At about 4 this afternoon, the Nationals cleared the clubhouse and gathered at their lockers for a meeting called by Manager Davey Johnson. He hadn’t done this since a month ago exactly, the first day he took over as Nationals manager. He wanted to explain the changes he had made to the Nationals, and explain why they may become more frequent.
Jayson Werth, Ian Desmond, Wilson Ramos and Roger Bernadina are all out of today’s lineup. Johnson has been feeling lately that his everyday players have been getting mentally and physically tired, and he felt it gave the Nationals’ their best chance to win if some of his starters rested.
“I got to sitting down and making my lineup, and I said, ‘I’m just going to use most of my bench,’ which I’ve done numerous times in the past,” Johnson said. “You can call them Shock Troops, or whatever you want to call them.”
Johnson did not even tell Werth he had the day off before posting the lineup, he said, because he knew Werth would try to talk his way into the lineup. He flatly told Desmond, another player who wants to play every day, that he wasn’t playing.
Johnson felt comfortable using the majority of his bench today because he spent his first month developing a clear everyday lineup. He wanted his starters, especially his young players, to feel comfortable and assured that they were his regulars.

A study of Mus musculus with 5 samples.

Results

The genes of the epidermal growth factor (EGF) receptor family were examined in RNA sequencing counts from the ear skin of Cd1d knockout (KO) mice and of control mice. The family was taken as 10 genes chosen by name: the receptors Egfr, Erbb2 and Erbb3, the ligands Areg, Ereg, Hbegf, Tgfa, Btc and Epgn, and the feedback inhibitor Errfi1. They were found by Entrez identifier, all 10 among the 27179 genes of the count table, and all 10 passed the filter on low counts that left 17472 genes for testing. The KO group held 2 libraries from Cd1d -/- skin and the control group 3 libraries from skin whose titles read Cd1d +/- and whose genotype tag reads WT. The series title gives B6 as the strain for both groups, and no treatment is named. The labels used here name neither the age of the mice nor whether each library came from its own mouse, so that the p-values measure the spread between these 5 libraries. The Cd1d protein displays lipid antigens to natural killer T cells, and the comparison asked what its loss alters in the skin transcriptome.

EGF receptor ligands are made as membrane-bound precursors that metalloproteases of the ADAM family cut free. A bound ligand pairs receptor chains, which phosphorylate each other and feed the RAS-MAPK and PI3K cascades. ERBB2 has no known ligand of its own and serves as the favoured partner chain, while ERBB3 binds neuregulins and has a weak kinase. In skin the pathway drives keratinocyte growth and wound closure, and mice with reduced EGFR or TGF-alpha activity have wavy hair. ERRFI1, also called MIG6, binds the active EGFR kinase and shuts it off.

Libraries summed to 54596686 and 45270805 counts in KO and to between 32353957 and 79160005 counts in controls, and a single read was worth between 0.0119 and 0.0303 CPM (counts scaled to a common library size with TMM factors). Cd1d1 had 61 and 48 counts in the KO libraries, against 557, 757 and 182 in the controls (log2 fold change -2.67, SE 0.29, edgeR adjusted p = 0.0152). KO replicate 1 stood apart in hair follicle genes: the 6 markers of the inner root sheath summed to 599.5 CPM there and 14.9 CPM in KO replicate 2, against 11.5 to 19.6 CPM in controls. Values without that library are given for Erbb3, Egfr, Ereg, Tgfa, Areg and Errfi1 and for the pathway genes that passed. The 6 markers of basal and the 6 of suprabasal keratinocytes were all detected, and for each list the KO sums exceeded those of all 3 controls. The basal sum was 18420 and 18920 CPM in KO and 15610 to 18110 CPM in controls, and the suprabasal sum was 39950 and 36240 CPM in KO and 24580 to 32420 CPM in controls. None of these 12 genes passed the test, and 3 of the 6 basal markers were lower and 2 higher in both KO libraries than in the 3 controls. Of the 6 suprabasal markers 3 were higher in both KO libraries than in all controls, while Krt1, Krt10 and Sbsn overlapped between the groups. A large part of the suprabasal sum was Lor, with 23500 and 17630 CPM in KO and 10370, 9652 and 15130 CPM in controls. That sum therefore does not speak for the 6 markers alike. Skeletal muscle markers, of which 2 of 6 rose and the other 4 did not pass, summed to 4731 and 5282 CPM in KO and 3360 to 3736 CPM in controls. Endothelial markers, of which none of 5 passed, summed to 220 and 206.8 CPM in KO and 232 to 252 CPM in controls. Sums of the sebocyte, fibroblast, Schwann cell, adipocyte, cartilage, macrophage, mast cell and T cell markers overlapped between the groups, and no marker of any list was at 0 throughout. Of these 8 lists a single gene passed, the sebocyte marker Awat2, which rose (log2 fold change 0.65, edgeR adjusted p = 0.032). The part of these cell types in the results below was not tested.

“I had some young players that I wanted to show them they were the guys early on, which normally you’d do out of spring,” Johnson said. “With a change in managers, guys can get nervous sometimes. I wanted basically those guys to know they were the guys for me, and the other guys were utility guys. I do like rest guys not just physically, but mentally resting them is more important. I haven’t done a very good job of that. I figured if I was going to do that, I might as well go all in. Push all my chips in.”
Johnson also feels the lineup gives him the best lineup. Alex Cora and Jerry Hairston, who are playing shortstop and left field today, both have strong histories against Marlins pitching. And in the past two games, the Nationals’ standard lineup has produced five hits and three runs.
“I’m getting them in because I thought we were underachieving, and we have been,” Johnson said. “It’s a little harder once you’re in the middle of something, rather then when you see it from conception, you can see how they’re going, oh he needs a little rest, he needs a little rest. You always want them to get the message that I have a good idea of who should be playing and who shouldn’t.”